Delfi Diagnostics raises $225M to develop lung cancer detection technology
With a 15,000 person trial down the pipeline, commercialization of an accessible cancer blood test is around the corner.
Baltimore life sciences company Delfi Diagnostics is $225 million closer to bringing its blood test for early detection of cancer to the market.
The 2021 RealLIST Startups honoree’s Series B was led by DFJ Growth with participation from Eli Lilly and Co., Point72, Brown Advisory, Point Field Partners, Initiate Ventures, Open Field Capital and PTX Capital. The round also included previous investors from the company’s $100 million raise last year like Cowen Healthcare Investments, Foresite Capital, Menlo Ventures, OrbiMed, Samsara BioCapital, Rock Springs Capital, Northpond Ventures, AV8 Ventures, Illumina Ventures, Windham Venture Partners and funds and accounts advised by T. Rowe Price.
The funds are being used for a 15,000-person trial called CASCADE-LUNG, which is focused on the early detection of lung and other cancers. The plan is to create an easily accessible blood test that can detect multiple cancers. The test would be administered at an annual checkup instead of via an expensive biopsy after someone starts having medical issues or feels a lump.
Delfi’s focus on cancer diagnostics reflects the disease’s prevalence, as well as the high costs it imposes on those who suffer from it. Cancer is the second most common cause of death in the U.S., exceeded only by heart disease, according to the Centers for Disease Control and Prevention. The American Cancer Society reported that prices for cancer testing can range from $300 to over $10,000, with costs of targeted treatments often exceeding $100,000 per year.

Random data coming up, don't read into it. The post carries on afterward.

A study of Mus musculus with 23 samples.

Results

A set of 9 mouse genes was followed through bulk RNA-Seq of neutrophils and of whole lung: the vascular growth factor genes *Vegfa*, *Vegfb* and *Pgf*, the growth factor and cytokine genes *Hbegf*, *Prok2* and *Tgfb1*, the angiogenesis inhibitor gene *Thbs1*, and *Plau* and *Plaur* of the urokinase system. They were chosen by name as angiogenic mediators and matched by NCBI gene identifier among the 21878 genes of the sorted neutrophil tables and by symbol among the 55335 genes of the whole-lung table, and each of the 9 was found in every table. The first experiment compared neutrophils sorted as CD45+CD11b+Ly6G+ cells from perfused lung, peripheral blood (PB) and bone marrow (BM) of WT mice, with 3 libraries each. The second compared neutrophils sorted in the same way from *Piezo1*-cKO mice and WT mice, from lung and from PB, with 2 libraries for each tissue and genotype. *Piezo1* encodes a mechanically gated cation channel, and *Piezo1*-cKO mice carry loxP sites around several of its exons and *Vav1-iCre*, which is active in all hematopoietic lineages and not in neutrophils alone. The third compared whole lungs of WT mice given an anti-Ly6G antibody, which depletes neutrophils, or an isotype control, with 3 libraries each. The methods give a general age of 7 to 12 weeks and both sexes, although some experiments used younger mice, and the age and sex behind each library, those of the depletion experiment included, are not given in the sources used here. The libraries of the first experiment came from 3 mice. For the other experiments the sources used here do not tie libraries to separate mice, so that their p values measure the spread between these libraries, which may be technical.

“Cancer is a global public health problem and addressing it requires a solution that is accessible around the world,” said Dr. Victor Velculescu, Delfi’s CEO and founder, in a statement. “We believe our approach is uniquely capable of delivering high-performing, cost-effective and clinically relevant tests for multiple applications to meet the needs of patients and providers everywhere.”
Velculescu previously explained to Technical.ly that Delfi’s tech uses “fragmentomics of cell-free DNA.” He continued to describe the early detection technology: “When the DNA from the tumor cell gets released, it is naturally broken into fragments that reflect the type of cell from which it came, and we can pick up that signal, inclusive of length of fragments, genomic features, DNA content —which all reflect whether it is derived from a cancer and, if so, where the cancer originated.”
When Velculescu explained the technology a year ago, the company had fewer than 20 employees. Now, Delfi has 150 employees and plans to continue growing across the country, along with in its current locations in Baltimore’s Canton neighborhood, and Palo Alto, California, according to the Baltimore Business Journal.
“Delfi has made incredible progress in a short amount of time,” said DFJ Growth partner Justin Kao, who will join Delfi’s board of directors, in a statement. “We believe that Delfi’s low-cost approach is critical to bringing early cancer detection to millions of patients globally. But the most exciting thing about Delfi is its potential to create a next-generation diagnostics company that innovates on data and analytics rather than focusing on ever-more complicated wet lab techniques.”